Mufi’s Deal With Unions Is Smart
Wednesday - November 25, 2009
Negotiations break down and stall for many reasons. In Hawaii, a relatively small state, we have seen negotiations become especially difficult, often to the point of impasse, stalemate or even breakdown. Parties become angry over minor issues and become entrenched in their positions. Perceptions become distorted, and judgments made by our leadership appeared to be biased.
The worst outcome in these situations is when people stop communicating effectively. It’s hard to believe, but Hawaiian Airlines pilots have been deadlocked for almost three years and are currently under the watchful eye of a federal mediator.
It is not uncommon for negotiations, especially distributive ones, to become contentious to the point of breakdown. In extreme cases, relations can become strained to the breaking point or get just plain nasty. This is true in just about all difficult negotiations.
These types of negotiations lead to what they call an impasse. The pilots wanted the mediator to declare an impasse in their negotiations and, if you recall, he ordered them to keep talking with the mediators until their Dec. 7 meeting was concluded. Impasse is not the end of the world for negotiations; they are not permanent and don’t have to be destructive. In many cases, an impasse can be tactical, where it is used as a way to gain leverage or put pressure on the other party to make concessions. It doesn’t always work, but it’s worth a try in most situations.
So it is interesting to note that Mayor Mufi Hannemann signed an agreement with 12 local labor unions, who have agreed not to strike or delay the construction of the Oahu rail project. The agreement is intended to prevent labor disruptions for the duration of the project and protect union jobs.
Among those who signed the agreement were unions representing carpenters, heavy equipment operators, iron workers and roofers. This is a classic negotiation strategy of a professional. The mayor has made a very smart move - it could have developed into more than one impasse with more than one private union. Mind you, this is not a public union negotiating with a state or county government. These are 12 very powerful private unions negotiating with a county government, using monies from public taxpayers. A private union contracted to construct a private building with private funds is an entirely different set of circumstances.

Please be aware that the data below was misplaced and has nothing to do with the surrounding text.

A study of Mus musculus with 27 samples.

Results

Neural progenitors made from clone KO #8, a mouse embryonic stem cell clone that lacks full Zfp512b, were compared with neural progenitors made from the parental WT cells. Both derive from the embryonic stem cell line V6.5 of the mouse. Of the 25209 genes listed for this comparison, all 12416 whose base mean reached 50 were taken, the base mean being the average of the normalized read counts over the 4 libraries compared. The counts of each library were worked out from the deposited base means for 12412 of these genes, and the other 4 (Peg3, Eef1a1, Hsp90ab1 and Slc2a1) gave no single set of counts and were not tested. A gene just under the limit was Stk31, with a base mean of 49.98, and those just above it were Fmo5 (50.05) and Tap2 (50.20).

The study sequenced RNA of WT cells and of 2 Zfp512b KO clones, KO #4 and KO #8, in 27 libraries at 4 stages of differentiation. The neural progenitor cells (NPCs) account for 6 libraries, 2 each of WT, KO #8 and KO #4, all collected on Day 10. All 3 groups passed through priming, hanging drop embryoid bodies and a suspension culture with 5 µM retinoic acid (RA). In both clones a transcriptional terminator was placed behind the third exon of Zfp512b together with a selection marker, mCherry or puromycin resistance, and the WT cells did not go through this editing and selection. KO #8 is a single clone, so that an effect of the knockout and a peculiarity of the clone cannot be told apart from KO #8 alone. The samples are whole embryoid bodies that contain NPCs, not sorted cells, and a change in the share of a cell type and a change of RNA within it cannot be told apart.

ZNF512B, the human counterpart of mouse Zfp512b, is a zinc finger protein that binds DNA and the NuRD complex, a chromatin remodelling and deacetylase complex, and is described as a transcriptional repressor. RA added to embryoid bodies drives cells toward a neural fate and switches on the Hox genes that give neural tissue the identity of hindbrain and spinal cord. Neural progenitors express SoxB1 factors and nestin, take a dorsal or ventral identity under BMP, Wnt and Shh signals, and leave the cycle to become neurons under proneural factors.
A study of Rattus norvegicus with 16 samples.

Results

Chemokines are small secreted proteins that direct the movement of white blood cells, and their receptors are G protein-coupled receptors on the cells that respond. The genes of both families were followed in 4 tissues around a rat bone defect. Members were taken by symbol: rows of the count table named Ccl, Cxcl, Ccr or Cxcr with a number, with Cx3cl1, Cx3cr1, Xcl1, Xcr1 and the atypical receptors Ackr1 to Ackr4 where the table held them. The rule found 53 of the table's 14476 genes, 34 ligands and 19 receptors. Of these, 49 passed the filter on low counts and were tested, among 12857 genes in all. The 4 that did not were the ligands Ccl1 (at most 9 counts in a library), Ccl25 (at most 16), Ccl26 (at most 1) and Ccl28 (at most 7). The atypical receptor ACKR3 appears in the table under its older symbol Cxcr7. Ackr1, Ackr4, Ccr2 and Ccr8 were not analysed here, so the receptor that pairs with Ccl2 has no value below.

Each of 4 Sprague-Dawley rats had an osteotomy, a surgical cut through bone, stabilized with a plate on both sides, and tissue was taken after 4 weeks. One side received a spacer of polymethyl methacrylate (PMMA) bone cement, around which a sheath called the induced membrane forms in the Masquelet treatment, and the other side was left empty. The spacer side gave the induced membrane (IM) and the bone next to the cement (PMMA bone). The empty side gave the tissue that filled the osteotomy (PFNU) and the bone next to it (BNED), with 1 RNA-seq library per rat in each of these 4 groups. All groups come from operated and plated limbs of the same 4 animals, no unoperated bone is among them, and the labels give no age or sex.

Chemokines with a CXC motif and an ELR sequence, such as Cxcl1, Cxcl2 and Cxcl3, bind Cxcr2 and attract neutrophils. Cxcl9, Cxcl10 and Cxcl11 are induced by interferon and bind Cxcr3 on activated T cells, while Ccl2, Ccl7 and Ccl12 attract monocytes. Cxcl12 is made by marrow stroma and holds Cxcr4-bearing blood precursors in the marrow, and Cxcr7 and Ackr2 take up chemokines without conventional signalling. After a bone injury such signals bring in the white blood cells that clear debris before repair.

That’s what makes Hannemann’s deal so significant. It preempts any kind of labor dispute that would disrupt the construction of his pet project, the Oahu Rail Transit System, on which he expects to begin construction next year. The project is slated for completion in 2019. The city will have to release a final environmental impact statement on the project by the end of year before any construction can begin next year. That is the wisdom of the agreement, because he has the construction unions on board to guarantee the work will get done as planned, and that’s important to federal transportation officials.
This also gives the project the guaranteed continuity it needs to assure the public the rail project is not going to be marred by labor strife. Similar projects throughout the country have had some bad experiences with labor. There is one concern not mentioned, although it deserves attention: There is the possibility that Hannemann may not be sitting in the county driver’s seat when the rail system is under construction. No one can predict who will be mayor or governor in the midstream of construction. Remember the construction of H-2, and especially H-3.
As we have seen more often than not, changing the leadership during large public works projects can alter the eventual outcome of those projects.